Simon Phoenix, a violent criminal cryogenically frozen in 1996, has escaped during a parole hearing in 2032 in the utopia of San Angeles. Police are incapable of dealing with his violent ways and turn to his captor, John Spartan, who had also been cryogenically frozen when wrongfully accused of killing 30 innocent people while apprehending Phoenix.
Basically, Demolition Man is a futuristic cop picture with slightly more imagination and wit than the typical example of the slash-and-burn genre.
In the end, that s all this film is: flames, flying bullets, and special effects. It could be worse, I suppose, but as long as people go into this film with their eyes open, there shouldn t be any surprises.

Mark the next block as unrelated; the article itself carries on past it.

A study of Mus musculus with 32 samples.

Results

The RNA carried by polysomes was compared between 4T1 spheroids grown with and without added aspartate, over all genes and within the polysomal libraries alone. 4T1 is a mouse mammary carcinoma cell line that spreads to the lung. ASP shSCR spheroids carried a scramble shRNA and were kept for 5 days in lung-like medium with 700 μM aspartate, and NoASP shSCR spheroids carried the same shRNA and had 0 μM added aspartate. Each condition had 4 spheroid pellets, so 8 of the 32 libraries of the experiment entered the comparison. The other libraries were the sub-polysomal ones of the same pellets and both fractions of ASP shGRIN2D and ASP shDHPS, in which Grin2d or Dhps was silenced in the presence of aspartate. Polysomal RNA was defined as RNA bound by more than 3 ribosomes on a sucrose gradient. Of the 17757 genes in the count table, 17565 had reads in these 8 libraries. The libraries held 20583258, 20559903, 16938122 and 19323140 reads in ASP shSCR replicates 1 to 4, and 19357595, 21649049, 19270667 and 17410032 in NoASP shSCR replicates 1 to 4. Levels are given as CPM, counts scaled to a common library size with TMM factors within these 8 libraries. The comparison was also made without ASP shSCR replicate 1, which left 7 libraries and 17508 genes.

Demolition Man is sleek and empty as well as brutal and pointless. It feels computer engineered, untouched by human hands. A real pod movie.
Demolition Man is a significant artifact of our time or, at least, of this week.
Forget your preconceptions, but not your brain cells and sense of irony.
A noisy, soulless, self-conscious pastiche that mixes elements of sci-fi, action-adventure and romance, then pours on a layer of comedy replete with Hollywood in-jokes.
Nearly all the SF premises are accorded the status of Andrew Dice Clay one-liners -- which means that they, along with the characters, keep changing from one scene to the next.
Ultimately the script s often sharp social satire is drowned out by the noise and confusion. It is also undercut by casting virtually all the psychopathically murderous criminals as minority-group members.